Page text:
AMD admits Zen 3 processors are vulnerable to Spectre-like side-channel attack

An AMD Ryzen Processor
(Image credit: Future)

AMD has admitted that Zen 3 processors, such as the Ryzen 5000 CPU series, are vulnerable to a side-channel exploit that’s similar to the Spectre flaw that previously impacted a number of Intel processors

The vulnerability relates to a new feature AMD introduced with Zen 3 called Predictive Store Forwarding (PSF), which is hardware-based micro-architectural optimization designed to improve the performance of code execution by predicting dependencies between loads and stores.

"In typical code, PSF provides a performance benefit by speculating on the load result and allowing later instructions to begin execution sooner than they otherwise would be able to," AMD explains.

While most of the time PSF predictions are calculated accurately, occasionally it may not be as accurate as it should. When a bad PSF speculation occurs, Zen 3-based processors can be targeted by side-channel attacks.

AMD explained two scenarios where an incorrect PSF prediction can occur: "First, it is possible that the store/load pair had a dependency for a while but later stops having a dependency. This can occur if the address of either the store or load changes during the execution of the program," it said.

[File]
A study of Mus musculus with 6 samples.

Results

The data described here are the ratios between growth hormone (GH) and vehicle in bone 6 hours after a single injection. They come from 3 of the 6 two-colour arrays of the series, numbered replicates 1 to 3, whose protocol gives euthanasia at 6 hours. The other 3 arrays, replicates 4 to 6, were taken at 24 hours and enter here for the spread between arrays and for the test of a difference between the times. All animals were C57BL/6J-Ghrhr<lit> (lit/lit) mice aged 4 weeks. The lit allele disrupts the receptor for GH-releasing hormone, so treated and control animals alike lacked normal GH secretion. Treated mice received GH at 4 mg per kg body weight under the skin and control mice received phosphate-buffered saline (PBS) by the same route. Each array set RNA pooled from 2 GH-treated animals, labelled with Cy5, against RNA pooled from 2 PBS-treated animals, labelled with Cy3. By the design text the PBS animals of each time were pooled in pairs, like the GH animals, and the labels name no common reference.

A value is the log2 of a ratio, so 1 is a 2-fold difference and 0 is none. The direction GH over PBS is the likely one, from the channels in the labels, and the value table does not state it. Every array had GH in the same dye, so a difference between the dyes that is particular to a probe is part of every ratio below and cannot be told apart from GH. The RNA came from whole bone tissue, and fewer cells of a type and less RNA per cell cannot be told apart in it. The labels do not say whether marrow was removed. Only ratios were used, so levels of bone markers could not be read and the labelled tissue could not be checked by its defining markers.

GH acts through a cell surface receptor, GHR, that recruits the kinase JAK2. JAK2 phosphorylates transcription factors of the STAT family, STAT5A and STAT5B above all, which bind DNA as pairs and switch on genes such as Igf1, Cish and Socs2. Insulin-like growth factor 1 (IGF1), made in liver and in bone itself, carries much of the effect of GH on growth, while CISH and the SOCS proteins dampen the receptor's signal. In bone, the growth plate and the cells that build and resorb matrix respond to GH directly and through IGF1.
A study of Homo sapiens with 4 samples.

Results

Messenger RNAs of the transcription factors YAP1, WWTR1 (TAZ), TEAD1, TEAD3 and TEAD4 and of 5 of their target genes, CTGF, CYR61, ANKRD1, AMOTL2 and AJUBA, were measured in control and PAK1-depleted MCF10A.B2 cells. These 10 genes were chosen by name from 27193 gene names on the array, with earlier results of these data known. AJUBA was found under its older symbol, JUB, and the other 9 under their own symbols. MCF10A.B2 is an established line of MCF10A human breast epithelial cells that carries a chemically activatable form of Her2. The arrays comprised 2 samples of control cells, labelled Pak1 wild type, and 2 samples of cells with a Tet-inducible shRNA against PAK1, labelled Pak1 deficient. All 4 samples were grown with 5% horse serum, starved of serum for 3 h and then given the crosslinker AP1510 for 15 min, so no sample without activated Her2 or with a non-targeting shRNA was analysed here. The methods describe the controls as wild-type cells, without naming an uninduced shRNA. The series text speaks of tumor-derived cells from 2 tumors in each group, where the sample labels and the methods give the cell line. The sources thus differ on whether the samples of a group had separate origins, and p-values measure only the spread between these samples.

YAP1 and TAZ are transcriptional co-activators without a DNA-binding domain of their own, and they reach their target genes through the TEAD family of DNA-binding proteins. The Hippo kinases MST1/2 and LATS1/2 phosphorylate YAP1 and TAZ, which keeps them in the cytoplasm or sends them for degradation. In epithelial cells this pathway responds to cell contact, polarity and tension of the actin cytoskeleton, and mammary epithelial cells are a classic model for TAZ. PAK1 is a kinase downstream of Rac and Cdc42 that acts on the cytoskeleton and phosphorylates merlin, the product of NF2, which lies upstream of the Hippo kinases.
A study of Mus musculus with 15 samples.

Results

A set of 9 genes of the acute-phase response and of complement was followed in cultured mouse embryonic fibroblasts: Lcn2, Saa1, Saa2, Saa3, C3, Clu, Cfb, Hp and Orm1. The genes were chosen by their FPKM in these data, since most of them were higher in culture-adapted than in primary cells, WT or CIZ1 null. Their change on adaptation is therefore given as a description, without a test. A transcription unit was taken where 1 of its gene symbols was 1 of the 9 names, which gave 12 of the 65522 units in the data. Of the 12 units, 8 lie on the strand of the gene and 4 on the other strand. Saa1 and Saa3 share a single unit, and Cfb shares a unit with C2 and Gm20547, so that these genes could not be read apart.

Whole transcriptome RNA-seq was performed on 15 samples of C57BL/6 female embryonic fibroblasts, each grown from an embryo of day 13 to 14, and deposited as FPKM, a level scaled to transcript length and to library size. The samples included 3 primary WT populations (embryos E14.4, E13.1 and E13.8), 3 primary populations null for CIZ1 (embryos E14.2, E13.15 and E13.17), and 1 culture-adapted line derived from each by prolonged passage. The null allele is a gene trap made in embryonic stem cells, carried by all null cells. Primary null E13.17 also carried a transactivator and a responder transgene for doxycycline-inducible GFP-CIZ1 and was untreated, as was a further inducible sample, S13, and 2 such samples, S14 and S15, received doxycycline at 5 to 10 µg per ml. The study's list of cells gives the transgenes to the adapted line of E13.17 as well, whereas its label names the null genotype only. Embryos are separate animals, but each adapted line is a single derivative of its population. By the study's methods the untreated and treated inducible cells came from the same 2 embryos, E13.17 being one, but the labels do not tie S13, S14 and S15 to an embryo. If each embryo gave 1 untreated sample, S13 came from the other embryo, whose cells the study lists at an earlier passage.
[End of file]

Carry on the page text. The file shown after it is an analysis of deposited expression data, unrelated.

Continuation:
"The second source of incorrect PSF predictions can occur if there is an alias in the PSF predictor structure. The PSF predictor is designed to track stores/load pairs based on portions of their RIP. 

"It is possible that a store/load pair which does have a dependency may alias in the predictor with another store/load pair which does not. This may result in incorrect speculation when the second store/load pair is executed."

AMD has provided instructions on how to disable PSF as this feature comes enabled by default on Zen 3 processors, and the company has also proposed a Linux patch to enable/disable the functionality. AMD has yet to confirm whether a Windows patch is in the works. 

However, AMD says that it has not yet seen any real-world attacks taking advantage of PSF, so it's recommending that customers leave the feature enabled for now. This is likely because disabling PSF could result in a performance hit. 

Via: KitGuru

Carly Page

Carly Page is a Freelance journalist, copywriter and editor specialising in Consumer/B2B technology. She has written for a range of titles including Computer Shopper, Expert Reviews, IT Pro, the Metro, PC Pro, TechRadar and Tes.